Tuesday, June 20, 2017 By: Ask A Master Gardener

Explore Edible Landscaping--Its Fun and Productive

Explore Edible Landscaping
Bill Sevier: Ask a Master Gardener
Tuesday, June 20, 2017
Q: I don’t have much gardening space and am interested in planting some vegetables in with my flowers. Is there any problem with doing this? Fran, Tulsa
A: There is no problem whatsoever with putting veggies in amongst your ornamentals. In fact, for those with no vegetable garden or who have restricted space, it is an excellent idea. What and where you may plant is limited only by the growing requirements of the veggie and your imagination. Many vegetables not only have attractive fruit, but also interesting colors and designs of their leaves that fit in well with a flower garden.
The process of growing vegetables and herbs in amongst your ornamentals is called “Edible Landscaping” and has become popular with gardeners. A lot has been written about the concept. One of the experts is Rosalind Creasy, who has published a series of books about this type of gardening.
Vegetables can be used effectively, not only in your standard flower bed, but also in raised beds, window boxes and many different types of containers. They can be worked in with your flowers to create a visually pleasing effect.
Plants such as lettuce, cabbage, kale and others come in several colors and can be used as a substitute for ornamental border plants such as vinca, begonia and Joseph’s Coat. Swiss chard, with its bright red stems and veins, could be an attractive addition as an edge or within the flowers.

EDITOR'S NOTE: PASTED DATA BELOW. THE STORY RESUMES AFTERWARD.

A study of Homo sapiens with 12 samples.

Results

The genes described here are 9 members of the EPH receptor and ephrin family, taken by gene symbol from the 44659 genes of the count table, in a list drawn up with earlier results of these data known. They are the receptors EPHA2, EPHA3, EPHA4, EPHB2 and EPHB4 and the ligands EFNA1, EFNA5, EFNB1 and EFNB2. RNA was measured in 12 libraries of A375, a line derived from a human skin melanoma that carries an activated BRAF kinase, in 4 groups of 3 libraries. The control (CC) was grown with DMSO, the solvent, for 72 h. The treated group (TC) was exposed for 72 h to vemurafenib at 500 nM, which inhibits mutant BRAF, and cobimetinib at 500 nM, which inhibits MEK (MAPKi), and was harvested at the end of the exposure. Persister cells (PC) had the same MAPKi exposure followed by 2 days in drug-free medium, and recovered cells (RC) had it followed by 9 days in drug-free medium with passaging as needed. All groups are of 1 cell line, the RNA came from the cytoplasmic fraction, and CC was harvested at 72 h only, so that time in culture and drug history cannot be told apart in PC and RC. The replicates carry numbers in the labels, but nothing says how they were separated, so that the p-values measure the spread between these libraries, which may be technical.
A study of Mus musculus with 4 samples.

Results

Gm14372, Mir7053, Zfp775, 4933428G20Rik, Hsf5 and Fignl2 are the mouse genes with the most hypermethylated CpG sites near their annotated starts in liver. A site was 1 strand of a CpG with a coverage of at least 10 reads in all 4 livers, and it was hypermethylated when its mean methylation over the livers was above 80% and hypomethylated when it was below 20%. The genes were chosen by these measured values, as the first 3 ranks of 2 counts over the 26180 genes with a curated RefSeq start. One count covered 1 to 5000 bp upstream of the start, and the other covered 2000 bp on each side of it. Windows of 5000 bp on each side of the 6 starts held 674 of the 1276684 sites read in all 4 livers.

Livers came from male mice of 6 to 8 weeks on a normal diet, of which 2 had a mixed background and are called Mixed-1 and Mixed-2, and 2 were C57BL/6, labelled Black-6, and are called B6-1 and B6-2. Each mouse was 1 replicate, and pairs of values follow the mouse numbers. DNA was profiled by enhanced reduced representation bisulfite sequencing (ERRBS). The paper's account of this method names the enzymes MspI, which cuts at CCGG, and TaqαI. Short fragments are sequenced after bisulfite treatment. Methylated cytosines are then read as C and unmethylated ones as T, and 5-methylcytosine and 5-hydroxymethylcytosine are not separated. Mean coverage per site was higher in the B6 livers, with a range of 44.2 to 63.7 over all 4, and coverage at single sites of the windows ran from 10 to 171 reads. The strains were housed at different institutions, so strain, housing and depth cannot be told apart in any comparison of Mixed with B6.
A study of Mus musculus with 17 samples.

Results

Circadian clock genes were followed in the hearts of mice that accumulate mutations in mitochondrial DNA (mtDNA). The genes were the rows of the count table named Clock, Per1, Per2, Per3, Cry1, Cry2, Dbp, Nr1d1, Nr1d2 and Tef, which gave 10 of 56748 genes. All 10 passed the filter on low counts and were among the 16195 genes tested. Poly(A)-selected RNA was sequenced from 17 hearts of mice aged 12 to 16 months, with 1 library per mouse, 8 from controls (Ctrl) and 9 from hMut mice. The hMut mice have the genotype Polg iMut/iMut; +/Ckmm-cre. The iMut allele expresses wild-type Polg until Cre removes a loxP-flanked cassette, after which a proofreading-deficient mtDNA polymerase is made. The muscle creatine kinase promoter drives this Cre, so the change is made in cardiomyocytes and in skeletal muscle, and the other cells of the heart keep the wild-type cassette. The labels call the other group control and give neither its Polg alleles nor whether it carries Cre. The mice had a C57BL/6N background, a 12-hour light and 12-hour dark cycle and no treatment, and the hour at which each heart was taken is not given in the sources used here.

A mix of different varieties of the same vegetable, such as purple and white cabbage, is one of the many combinations that may be created and used effectively. Other plants to consider are rows of onions and most of the herbs for the bed border.
Tomatoes and colorful peppers do well, especially cherry tomatoes. This adds greenery and the continuous production of red fruit to create a pleasing effect. Tomatoes probably perform better in the flower bed than they do in a conventional vegetable garden. In the flower bed, they are separate from other tomatoes and are less likely to develop disease and pest problems. In addition, tomatoes, which need to be rotated in the vegetable garden to prevent disease build up, can easily be moved from one area to another each year with the flowers.
Other ideas are to plant blueberries, blackberries and raspberries into the landscape. There are some ultra-dwarfed apple, peach, plum and other fruit trees that may be used in place of a shrub. Another idea is to grow a grapevine on a trellis, which works as a decorative plant and fruit producer.
Garden tips
·        Excessive rain can complicate fertilization of vegetables, ornamentals and lawns. If a quick-release fertilizer was applied before the excessive rains, much of the nitrogen may have been washed into deep soil or drain water. Nitrogen, the first of the three numbers on all fertilizer, is water soluble. The other two nutrients — phosphorus and potassium — are not soluble and remained fixed in soil where placed unless the soil particles themselves are washed into drains and streams.
·        Consideration should be made to reapply a nitrogen-only fertilizer if the above situation applies to you. Don’t over fertilize. Too much nitrogen may be worse than too little. Most plants, such as tomatoes, grow tall, spindly and produce few blossoms and fruits when too much nitrogen is used.
·        Also be aware that too much water in the soil may suffocate roots and cause plants to develop yellow leaves, which may fall from the plant. This can easily be wrongly confused with a need for more fertilizer.